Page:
It’s about a month and a half too late, but the Cubs added some additional pitching depth on Thursday, picking up Rodrigo Lopez from the Braves for Ryan Buchter.
After failing to make the Braves out of spring training, Lopez, 35, was 6-1 with a 2.59 ERA in nine starts for Triple-A Gwinnett. Pitching for a Diamondbacks team that needed someone to soak up innings, he went 7-16 with a 5.00 ERA last year. He led the NL in losses and in homers allowed with 37, but he did exactly what Arizona needed him to.
The Cubs certainly could have used some of his six-inning and three- or four-run starts with Randy Wells and Andrew Cashner on the shelf the last two months. Their replacement have been terrible: Casey Coleman is 2-4 with a 7.32 ERA in eight starts, and James Russell came out of the pen to go 0-5 with a 9.33 ERA in his five starts. He’s since been replaced by veteran Doug Davis.
Wells is finally back for the Cubs this week, but with Matt Garza down, Lopez figures to go right into the rotation. He’ll battle Davis for the right to stay there after Garza returns.
Buchter, a 24-year-old lefty, had pitched 10 1/3 scoreless innings for Single-A Daytona this season, striking out 17 and walking three. The caveat is that those numbers came after he was demoted from Double-A Tennessee, where had a 6.55 ERA and a 13/11 K/BB ratio in 11 innings. He’s a long shot to have a career as a reliever.
MLB.com’s Brian McTaggart reports that umpires Bob Davidson, Bob Hirschbeck, Jim Joyce, and Tim Welke have retired.
Davidson, 64, was known as “Balkin’ Bob” for his tendency to call pitchers for balks. Davidson has also made a name for himself picking fights with players and managers, as well as unnecessarily escalating situations.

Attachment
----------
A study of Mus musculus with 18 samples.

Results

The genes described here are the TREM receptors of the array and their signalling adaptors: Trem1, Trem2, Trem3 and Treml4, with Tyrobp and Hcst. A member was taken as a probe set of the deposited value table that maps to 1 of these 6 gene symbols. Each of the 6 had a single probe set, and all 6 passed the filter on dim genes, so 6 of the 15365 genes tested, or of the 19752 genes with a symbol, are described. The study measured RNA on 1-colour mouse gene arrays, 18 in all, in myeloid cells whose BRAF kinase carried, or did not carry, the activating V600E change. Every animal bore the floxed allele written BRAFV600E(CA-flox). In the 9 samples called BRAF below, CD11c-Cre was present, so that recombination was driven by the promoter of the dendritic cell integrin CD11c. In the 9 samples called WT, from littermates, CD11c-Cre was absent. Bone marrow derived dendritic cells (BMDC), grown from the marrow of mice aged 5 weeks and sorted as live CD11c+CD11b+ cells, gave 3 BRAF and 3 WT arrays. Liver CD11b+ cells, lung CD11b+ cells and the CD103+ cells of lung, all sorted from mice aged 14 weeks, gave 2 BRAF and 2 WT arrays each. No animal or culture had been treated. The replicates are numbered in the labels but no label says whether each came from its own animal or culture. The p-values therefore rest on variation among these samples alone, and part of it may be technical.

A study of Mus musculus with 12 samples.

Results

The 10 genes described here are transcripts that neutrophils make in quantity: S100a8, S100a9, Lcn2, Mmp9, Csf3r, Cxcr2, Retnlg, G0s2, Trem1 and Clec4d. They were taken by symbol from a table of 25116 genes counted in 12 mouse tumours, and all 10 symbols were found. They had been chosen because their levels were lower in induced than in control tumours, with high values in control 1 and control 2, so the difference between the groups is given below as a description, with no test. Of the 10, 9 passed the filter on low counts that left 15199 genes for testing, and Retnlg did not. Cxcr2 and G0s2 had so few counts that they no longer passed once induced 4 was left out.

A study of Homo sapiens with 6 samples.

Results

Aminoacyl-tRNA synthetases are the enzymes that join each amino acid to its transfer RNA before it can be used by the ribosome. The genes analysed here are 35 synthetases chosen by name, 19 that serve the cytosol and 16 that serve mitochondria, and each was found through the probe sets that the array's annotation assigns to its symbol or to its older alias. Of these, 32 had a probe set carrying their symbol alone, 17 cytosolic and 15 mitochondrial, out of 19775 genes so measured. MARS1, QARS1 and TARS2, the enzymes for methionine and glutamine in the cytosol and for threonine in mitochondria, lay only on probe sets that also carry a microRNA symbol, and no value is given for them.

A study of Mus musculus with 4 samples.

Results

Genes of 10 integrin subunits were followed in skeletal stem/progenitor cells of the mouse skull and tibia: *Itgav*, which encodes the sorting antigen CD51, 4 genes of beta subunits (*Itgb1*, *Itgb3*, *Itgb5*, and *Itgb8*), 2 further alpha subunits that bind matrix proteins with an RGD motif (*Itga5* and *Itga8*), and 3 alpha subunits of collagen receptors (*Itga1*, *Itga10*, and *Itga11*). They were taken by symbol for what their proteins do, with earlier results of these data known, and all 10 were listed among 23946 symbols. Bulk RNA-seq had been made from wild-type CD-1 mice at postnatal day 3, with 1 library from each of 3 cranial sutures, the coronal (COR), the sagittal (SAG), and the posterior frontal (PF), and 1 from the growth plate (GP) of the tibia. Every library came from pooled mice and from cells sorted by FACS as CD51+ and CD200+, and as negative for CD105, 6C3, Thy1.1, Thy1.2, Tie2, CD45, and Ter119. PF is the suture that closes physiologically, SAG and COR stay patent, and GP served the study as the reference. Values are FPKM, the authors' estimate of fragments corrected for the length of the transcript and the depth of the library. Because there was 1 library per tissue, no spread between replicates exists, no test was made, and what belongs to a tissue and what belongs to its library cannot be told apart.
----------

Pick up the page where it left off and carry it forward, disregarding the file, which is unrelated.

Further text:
Hirschbeck, 62, didn’t quite have the reputation Davidson had, but he had a couple of notable incidents on his profile as well. Last year, when ejecting Twins slugger Miguel Sano, Hirschbeck said, “Get the [expletive] out of here.” In 2013, he threw a drum of oil on a fire that very easily could’ve been snuffed out with Bryce Harper.
Joyce, 61, was a well-liked and well-respected umpire who will go down in history for one mistake. On June 2, 2010, Tigers starter Armando Galarraga was one out away from a perfect game. Indians second baseman Jason Donald hit a weak grounder about halfway between first and second base. Miguel Cabrera went to his right to field it and flipped to Galarraga covering first base. It was a close call, but Joyce incorrectly ruled Donald safe, ruining Galarraga’s perfect game. To both Joyce’s and Galarraga’s credit, both handled the mistake with the utmost class.
Craig also wrote in detail about Joyce a few years ago. It’s worth a re-read.
Tim Welke, 59, actually announced his retirement last year, but I guess it wasn’t made official until recently. He underwent a left knee replacement procedure in January last year and then had his right knee replaced five months later.
CNBC, citing Reuters, reports that Facebook and Major League Baseball are in discussions to stream one game per week.
Streaming is becoming more and more ubiquitous as it’s a more convenient way for people to access media they like. MLB Advanced Media, which handles MLB’s streaming service, is worth several billions of dollars. Last year, Disney paid $1 billion to purchase a 33 percent stake in BAMTech, the independent company MLBAM launched for its streaming.
Millennials and “Generation Z,” in particular, are driving the streaming trend. Forbes, citing the Digital Democracy Survey in 2015, reported that 56 percent of millennials’ media consumption was done via computer, smartphone, tablet, or gaming device. Those 30 years and older rely on television to watch film and TV shows at a clip higher than 80 percent.
Twitter is already in the sports streaming arena. It streams MLB, NFL, and NHL games as well as the PGA Tour.